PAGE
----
The third Australian Open Source Symposium was staged at the Australian National University in the nation's capital of Canberra, by the Australian Unix Users Group (who also staged the second, in Adelaide in 2000, and the first, in Sydney in 1999) on the 16th of June 2001.

The sixty or so delegates settled into the Manning Clark lecture theatre at 9am on a chilly Canberran winter Saturday, and were welcomed by the legendary Greg Lehey of the FreeBSD core team.

The first talk was by Robert Hart of Red Hat, and was an interesting take on the recent Microsoft sniping at open source. He also discussed the state of open source inside of large legacy Unix vendors such as Sun Microsystems

The second talk was by the widely-respected Warren Toomey, late of the Australian Defense Forces Academy, now of the ANU. He brought the delegates up to date on his project to make old "classic" Unices open source. He also demonstrated his apout simulator which can be used to run old Unix executables in Linux.

Morning tea was coffee and cookies.

The freshly caffeinated delegates then settled into a great session by Andrew Tridgell, who most would know as the founder of Samba, and who, since the collapse of Linuxcare is now working with VA Linux Systems. Tridge talked about his deep hacks of the TiVO system, which included teaching it to speak PAL and ethernet. The takeout from the session was mostly around useable reverse engineering techniques.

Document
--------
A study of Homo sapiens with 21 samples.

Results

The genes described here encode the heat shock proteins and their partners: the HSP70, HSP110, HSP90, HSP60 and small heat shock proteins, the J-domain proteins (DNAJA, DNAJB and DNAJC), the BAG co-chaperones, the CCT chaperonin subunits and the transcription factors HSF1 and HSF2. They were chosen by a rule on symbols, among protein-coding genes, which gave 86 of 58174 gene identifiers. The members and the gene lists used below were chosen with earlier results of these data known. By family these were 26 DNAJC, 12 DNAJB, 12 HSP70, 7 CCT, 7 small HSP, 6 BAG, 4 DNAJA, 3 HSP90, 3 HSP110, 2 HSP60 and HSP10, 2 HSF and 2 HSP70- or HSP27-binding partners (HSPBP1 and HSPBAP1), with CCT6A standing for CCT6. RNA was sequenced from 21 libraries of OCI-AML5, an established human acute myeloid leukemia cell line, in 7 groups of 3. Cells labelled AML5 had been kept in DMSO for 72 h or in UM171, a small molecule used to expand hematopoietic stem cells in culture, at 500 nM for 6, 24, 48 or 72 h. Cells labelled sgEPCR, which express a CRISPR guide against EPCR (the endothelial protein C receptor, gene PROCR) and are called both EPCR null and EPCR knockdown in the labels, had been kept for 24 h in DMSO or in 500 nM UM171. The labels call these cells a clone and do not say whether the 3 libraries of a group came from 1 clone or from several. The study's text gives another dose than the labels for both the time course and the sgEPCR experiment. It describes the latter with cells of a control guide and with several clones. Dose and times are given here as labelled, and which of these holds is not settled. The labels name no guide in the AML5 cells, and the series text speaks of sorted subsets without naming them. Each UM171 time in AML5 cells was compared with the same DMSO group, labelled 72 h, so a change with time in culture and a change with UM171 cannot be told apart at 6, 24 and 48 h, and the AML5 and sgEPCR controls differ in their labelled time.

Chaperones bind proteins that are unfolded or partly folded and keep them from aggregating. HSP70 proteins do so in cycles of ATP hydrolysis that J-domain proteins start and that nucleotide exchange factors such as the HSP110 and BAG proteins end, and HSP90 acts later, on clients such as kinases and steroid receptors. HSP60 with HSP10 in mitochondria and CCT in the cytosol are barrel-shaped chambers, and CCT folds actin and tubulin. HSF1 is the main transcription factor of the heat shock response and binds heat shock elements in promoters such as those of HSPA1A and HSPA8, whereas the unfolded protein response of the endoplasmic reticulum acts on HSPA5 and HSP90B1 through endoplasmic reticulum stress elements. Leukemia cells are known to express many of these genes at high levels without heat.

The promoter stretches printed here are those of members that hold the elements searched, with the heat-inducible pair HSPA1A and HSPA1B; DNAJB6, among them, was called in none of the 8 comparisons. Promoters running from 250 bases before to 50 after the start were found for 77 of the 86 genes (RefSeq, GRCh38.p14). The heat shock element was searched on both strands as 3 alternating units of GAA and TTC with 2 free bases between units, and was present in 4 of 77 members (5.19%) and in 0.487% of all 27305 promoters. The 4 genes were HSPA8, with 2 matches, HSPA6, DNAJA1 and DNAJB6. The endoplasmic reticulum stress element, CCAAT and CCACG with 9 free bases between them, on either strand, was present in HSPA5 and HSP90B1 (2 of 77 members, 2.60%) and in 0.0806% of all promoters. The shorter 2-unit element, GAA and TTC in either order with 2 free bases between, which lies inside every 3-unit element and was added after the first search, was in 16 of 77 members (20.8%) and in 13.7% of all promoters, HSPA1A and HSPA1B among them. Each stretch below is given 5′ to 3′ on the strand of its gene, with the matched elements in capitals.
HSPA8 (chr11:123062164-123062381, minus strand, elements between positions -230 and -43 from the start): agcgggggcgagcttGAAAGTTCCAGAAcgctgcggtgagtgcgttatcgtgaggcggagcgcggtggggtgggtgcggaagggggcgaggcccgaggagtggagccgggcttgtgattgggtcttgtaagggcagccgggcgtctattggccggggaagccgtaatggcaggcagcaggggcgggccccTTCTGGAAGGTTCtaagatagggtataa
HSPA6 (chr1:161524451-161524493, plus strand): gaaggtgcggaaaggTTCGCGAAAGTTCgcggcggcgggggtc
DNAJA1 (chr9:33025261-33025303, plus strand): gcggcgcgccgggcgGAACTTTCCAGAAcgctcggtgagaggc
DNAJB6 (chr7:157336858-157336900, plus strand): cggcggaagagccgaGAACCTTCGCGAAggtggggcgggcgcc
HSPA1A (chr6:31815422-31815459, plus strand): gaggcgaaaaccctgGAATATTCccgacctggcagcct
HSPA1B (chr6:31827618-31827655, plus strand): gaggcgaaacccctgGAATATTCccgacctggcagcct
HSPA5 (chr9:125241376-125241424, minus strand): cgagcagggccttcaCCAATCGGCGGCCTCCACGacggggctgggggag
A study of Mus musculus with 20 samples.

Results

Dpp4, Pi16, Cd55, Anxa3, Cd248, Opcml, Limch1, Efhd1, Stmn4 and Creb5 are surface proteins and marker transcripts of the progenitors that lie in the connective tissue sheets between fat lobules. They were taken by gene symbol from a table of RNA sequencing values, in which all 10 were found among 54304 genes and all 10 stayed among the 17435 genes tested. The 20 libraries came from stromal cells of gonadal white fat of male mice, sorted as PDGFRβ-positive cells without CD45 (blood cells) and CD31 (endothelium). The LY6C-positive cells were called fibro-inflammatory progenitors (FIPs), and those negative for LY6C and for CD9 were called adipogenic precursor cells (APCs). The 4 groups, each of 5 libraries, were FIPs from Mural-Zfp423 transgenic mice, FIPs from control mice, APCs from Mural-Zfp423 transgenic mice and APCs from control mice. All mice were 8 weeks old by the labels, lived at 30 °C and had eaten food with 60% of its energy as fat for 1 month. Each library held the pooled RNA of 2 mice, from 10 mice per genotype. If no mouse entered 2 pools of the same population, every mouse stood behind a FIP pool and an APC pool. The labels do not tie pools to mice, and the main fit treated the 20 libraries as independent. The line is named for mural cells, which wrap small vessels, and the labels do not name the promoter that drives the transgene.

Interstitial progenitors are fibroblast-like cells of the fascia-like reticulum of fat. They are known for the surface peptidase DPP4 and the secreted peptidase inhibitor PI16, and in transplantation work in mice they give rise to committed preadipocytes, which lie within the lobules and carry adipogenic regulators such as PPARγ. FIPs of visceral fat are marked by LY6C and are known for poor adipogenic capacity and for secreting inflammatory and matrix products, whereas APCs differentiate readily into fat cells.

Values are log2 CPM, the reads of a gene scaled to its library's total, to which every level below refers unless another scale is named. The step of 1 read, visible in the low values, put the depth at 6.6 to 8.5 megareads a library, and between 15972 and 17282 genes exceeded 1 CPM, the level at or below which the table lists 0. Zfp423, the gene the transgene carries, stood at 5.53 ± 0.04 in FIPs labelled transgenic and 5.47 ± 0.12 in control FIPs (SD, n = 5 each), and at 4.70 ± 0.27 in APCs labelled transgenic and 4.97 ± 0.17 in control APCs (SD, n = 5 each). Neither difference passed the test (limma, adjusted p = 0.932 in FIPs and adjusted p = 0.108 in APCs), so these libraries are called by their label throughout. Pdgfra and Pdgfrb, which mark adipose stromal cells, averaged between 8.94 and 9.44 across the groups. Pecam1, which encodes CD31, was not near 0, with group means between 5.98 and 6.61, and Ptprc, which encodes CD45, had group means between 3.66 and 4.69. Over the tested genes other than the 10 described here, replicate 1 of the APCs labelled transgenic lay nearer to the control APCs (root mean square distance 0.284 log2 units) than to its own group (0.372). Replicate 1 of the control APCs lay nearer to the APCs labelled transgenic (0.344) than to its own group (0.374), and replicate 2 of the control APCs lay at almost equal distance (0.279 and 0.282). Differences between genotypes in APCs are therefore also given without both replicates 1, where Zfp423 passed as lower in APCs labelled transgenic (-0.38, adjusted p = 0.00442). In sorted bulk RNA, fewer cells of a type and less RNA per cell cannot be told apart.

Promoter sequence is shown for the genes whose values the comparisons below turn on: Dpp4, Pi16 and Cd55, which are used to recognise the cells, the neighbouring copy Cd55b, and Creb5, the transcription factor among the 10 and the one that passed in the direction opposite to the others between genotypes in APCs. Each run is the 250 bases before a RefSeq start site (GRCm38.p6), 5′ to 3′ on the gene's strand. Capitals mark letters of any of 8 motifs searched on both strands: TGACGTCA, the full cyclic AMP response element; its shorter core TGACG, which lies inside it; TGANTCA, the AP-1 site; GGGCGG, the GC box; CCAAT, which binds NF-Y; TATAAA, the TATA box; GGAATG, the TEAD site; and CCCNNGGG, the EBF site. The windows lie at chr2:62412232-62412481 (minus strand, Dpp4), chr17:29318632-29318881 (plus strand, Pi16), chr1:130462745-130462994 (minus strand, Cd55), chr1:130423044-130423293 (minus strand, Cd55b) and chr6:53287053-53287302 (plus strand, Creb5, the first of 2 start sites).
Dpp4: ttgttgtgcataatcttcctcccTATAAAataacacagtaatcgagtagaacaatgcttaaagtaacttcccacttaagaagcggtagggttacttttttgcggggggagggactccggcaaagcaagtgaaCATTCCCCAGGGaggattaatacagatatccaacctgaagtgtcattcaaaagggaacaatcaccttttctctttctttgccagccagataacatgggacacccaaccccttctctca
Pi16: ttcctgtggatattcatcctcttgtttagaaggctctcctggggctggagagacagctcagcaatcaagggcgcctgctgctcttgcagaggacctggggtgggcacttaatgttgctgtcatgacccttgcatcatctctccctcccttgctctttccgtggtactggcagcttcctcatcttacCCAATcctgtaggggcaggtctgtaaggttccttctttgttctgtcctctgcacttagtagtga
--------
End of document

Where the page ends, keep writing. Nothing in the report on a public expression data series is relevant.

Lunch and clumps of conversation was enjoyed.

Chris Yeoh, another Linuxcare refugee, and now of IBM's Linux Technology Center OzLabs here in Canberra, delivered a paper on the imminent release of the Linux Standards Base, which he's been working with for almost three years.

Scott Campbell followed with a demo of his J2WAP technology, a Java-based microbrowser for WAP content. The project's port to PalmOS was really interesting. Shame there's no WAP content to speak of anymore!

Then IBM's OzLabs manager (and also a Linuxcare refugee) Hugh Blemings gave a very interesting talk on techniques used to reverse engineer serial port devices. His Gnokii project was used as a real-world example.

The legend of gcc, Alan Modra (also of IBM OzLabs, ex Linuxcare) then gave a deeply technical talk on how to debug gcc compile-time problems, so that the developer community can better support the gcc core team.

David Gibson, of Software Innovations, presented his Evacs open source e-voting system, to be used for the world's first electronic voting in the Australian Capital Territory elections in October 2001. Fascinating stuff, showing that open source's transparency is the perfect platform to build highly critical public software projects such as voting. I'll node up this project in detail closer to the actual election.

Michael Still of An Un-named Federal Government Department gave a talk on the latest in the world of open source imaging, including his world-leading Panda PDF library, and his newer PNGtools.

Tom Worthington, independent consultant and pundit, closed the final session of the symposium with an update on the political machinations at the recent Internet Global Summit in Stockholm, held last week. His insights into mobile internet, in particular, were fascinating.